Would you trust your safety to a car manufacturer’s auto-pilot?
A Tesla driver was recently arrested by California State Troopers when he was found passed out in his car on the San Francisco Bridge. The driver’s blood alcohol content was twice the legal limit in California.
The driver told the Highway Patrol that he was not to blame because he had set his car on auto-pilot. The cops did not listen to him, of course, and he was arrested and his car was towed to impound. But, with all of the talk about driverless cars and auto-pilot features, is this something authorities are going to face in the future?
Tesla did not confirm that this particular driver had engaged the auto-pilot on his car. However, such records have been used in legal cases in past accident investigations. The auto-pilot system is designed to alert a driver if it detects a hazardous situation. If the driver does not stop the automobile, the system is designed to shut down the car.
Tesla is very clear that their auto-pilot system is to be operated by a fully alert and aware adult; though not everyone apparently takes the company’s advice. A fatal crash last year involved a car with auto-pilot, although it was not determined that the system was at fault.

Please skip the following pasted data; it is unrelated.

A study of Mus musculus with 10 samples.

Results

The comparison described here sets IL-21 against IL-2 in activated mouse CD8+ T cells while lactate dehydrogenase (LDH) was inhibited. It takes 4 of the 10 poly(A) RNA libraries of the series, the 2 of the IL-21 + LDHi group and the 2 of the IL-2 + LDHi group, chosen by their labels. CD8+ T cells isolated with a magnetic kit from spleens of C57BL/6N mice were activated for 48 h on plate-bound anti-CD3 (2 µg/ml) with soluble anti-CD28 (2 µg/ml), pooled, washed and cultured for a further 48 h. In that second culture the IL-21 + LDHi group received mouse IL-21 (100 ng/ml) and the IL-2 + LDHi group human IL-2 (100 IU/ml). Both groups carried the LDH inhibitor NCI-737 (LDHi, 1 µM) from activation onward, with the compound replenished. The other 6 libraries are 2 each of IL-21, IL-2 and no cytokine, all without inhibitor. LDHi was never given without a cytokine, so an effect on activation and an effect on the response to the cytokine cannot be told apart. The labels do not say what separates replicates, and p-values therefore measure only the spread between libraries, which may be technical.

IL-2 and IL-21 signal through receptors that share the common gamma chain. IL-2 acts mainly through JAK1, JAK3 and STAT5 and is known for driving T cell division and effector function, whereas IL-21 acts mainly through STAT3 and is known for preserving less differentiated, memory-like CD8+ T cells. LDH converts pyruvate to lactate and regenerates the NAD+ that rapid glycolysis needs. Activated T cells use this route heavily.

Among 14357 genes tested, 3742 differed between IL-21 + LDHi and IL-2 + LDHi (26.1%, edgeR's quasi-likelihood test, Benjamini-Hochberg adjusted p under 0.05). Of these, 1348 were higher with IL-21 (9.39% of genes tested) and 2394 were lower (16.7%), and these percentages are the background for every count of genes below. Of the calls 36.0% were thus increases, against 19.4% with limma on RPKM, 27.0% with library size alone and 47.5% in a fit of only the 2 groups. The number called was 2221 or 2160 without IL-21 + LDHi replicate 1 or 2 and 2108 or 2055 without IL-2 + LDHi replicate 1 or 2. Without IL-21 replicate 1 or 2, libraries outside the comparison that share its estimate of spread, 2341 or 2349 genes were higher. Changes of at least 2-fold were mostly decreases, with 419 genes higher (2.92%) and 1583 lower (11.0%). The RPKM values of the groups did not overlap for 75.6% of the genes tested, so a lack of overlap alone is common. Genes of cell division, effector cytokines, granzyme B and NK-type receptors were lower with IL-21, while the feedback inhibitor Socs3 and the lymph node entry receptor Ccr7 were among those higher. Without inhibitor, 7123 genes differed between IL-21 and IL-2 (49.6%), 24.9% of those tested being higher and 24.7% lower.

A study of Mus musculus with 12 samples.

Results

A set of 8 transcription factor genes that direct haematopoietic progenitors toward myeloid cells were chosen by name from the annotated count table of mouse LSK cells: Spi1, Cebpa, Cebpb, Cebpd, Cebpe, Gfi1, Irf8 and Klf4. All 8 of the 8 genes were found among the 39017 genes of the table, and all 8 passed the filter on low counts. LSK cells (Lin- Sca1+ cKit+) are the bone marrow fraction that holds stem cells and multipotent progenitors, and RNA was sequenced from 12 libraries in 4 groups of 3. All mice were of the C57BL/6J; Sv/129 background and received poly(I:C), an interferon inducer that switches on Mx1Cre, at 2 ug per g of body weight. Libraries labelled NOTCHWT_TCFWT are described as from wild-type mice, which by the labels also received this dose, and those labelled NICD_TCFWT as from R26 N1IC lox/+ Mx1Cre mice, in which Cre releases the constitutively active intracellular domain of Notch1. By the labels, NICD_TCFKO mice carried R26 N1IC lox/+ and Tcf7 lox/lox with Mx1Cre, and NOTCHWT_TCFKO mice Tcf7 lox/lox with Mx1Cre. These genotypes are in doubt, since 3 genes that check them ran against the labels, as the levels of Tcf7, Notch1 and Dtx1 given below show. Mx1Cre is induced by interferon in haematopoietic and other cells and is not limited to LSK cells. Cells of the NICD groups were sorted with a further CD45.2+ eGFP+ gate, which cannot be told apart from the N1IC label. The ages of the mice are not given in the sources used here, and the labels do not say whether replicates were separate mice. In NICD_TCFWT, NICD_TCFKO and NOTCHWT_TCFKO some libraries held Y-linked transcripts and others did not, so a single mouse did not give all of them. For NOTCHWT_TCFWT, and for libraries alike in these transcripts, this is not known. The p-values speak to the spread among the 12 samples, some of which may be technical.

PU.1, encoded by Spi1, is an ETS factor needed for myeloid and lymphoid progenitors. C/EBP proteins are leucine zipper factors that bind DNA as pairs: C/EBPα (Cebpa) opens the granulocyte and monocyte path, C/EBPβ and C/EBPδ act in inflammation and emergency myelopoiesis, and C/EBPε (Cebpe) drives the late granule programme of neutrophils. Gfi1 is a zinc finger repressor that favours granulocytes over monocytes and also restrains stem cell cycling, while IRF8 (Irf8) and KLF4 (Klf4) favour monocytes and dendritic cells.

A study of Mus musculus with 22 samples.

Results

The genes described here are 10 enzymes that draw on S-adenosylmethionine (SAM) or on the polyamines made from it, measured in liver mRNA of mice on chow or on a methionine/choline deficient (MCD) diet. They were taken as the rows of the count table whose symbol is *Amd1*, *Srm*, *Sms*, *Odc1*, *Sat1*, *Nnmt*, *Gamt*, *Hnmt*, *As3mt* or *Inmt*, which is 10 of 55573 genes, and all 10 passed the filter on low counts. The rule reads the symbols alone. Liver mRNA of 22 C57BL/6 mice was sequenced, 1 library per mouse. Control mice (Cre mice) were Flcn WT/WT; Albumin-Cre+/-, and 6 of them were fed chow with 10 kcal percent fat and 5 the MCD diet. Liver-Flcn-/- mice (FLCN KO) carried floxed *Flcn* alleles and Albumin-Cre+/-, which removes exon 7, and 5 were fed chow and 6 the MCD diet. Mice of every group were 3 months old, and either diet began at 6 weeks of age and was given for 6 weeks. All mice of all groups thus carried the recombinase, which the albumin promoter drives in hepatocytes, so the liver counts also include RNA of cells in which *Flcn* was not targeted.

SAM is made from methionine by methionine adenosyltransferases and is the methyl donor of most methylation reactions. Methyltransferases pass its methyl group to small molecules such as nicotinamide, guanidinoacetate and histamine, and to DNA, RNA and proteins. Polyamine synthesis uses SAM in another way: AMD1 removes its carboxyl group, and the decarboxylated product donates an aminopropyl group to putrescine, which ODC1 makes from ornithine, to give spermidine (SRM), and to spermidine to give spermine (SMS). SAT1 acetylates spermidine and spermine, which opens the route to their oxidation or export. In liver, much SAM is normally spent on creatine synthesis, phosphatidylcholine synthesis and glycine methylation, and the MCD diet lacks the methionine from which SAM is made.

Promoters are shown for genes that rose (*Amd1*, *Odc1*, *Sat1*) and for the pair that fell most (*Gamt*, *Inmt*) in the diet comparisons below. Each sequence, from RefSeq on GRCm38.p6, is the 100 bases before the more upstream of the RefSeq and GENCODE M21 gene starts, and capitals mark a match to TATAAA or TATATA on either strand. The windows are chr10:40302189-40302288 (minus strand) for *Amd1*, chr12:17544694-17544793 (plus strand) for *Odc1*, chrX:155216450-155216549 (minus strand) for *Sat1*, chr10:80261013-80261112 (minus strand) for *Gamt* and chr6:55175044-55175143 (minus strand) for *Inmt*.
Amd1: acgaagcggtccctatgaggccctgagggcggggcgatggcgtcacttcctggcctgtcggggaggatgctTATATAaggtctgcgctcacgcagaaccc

In a second accident this week, auto-pilot is also an issue. The Tesla car crashed into the back of a fire truck, and the driver of that car says he was using auto-pilot at the time of the crash. There were no injuries in either of these accidents, so they most likely will not be investigated further.
In the fatal crash, Tesla says that the car’s cameras didn’t recognize a white truck against a bright sky. Well, that is a scary thought, and one you might keep in mind if you’re planning on buying a car with an auto-pilot system.